Last weekend we made a pilgrimage to Ragged Island: eighty or so acres of rocky ocean outcropping off the coast of Maine that's equal parts rugged & magical and happens to be the family-retreat-since-childhood of a good sangha friend (who, along with his dakini wife and their dog Basho, is also equal parts rugged & magical).
We spent the day playing in the woods and swimming in the sea. There were goats and sheep and a great juniper bush you could lay on like a mattress under the open sky. Everything about the place felt powerful & good, soothing & fierce.
Before the island came into the hands of our friends' family, it was the summer retreat of Edna St. Vincent Millay, a heroine of my lineage of American feminist poets. Our host brought us out around the side of the island about which this poem is written, but I didn't take a photograph of it. Her words do it better justice...
817. Ragged Island, by Edna St. Vincent Millay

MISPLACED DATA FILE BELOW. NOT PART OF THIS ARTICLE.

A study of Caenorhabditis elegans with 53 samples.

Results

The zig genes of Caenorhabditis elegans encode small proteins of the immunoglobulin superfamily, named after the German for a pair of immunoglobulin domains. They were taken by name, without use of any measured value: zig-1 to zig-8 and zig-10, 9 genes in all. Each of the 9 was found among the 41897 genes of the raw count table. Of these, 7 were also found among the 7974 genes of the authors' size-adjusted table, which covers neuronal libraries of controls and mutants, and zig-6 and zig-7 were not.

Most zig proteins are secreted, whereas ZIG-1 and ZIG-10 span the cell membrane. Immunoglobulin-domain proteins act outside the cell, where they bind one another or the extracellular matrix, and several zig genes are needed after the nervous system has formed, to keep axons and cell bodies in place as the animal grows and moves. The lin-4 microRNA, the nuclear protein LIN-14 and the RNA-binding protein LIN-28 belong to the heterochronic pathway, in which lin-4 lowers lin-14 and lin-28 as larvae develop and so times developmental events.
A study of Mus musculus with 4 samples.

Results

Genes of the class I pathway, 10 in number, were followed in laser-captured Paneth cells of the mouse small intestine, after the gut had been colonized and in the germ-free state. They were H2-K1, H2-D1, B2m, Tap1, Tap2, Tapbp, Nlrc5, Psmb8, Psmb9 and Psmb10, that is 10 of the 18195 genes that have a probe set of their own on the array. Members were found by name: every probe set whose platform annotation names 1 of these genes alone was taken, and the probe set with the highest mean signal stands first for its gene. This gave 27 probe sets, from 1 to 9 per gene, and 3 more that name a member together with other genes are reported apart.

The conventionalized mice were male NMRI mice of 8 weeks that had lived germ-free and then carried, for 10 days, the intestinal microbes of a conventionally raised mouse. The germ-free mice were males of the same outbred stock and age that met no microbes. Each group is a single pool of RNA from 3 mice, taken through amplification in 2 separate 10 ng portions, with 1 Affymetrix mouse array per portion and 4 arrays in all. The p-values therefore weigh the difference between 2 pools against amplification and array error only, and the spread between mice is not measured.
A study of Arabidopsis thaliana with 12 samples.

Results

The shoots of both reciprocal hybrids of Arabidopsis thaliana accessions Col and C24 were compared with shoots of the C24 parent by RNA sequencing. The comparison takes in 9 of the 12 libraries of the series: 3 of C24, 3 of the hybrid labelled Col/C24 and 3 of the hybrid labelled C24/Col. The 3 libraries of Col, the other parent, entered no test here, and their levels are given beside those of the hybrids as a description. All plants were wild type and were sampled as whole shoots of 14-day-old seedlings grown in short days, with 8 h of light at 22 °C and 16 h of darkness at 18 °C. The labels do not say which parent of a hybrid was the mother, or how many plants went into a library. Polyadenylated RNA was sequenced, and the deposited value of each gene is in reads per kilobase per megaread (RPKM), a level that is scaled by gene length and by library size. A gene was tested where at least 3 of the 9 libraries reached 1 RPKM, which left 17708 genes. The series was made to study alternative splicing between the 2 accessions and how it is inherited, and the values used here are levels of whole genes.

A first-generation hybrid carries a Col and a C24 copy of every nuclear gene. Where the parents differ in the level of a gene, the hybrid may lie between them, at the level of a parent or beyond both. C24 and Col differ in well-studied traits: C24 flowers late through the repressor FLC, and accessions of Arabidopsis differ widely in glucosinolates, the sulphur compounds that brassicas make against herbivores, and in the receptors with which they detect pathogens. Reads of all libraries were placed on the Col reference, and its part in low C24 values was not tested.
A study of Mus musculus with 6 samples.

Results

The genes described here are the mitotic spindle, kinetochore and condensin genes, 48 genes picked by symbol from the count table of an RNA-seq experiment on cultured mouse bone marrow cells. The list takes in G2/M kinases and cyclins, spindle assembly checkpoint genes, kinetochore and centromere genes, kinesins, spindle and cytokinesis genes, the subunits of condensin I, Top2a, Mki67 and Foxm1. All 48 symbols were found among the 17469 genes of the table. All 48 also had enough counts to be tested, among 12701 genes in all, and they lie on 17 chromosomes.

There, there where those black spruces crowd
To the edge of the precipitous cliff,
Above your boat, under the eastern wall of the island;
And no wave breaks; as if
All had been done, and long ago, that needed
Doing; and the cold tide, unimpeded
By shoal or shelving ledge, moves up and down,
Instead of in and out;
And there is no driftwood there, because there is no beach;
Clean cliff going down as deep as clear water can reach;
No driftwood, such as abounds on the roaring shingle,
To be hefted home, for fires in the kitchen stove;
Barrels, banged ashore about the boiling outer harbour;
Lobster-buoys, on the eel-grass of the sheltered cove:
There, thought unbraids itself, and the mind becomes single.
There you row with tranquil oars, and the ocean
Shows no scar from the cutting of your placid keel;
Care becomes senseless there; pride and promotion
Remote; you only look; you scarcely feel.
Even adventure, with its vital uses,
Is aimless ardour now; and thrift is waste.
Oh, to be there, under the silent spruces,
Where the wide, quiet evening darkens without haste
Over a sea with death acquainted, yet forever chaste.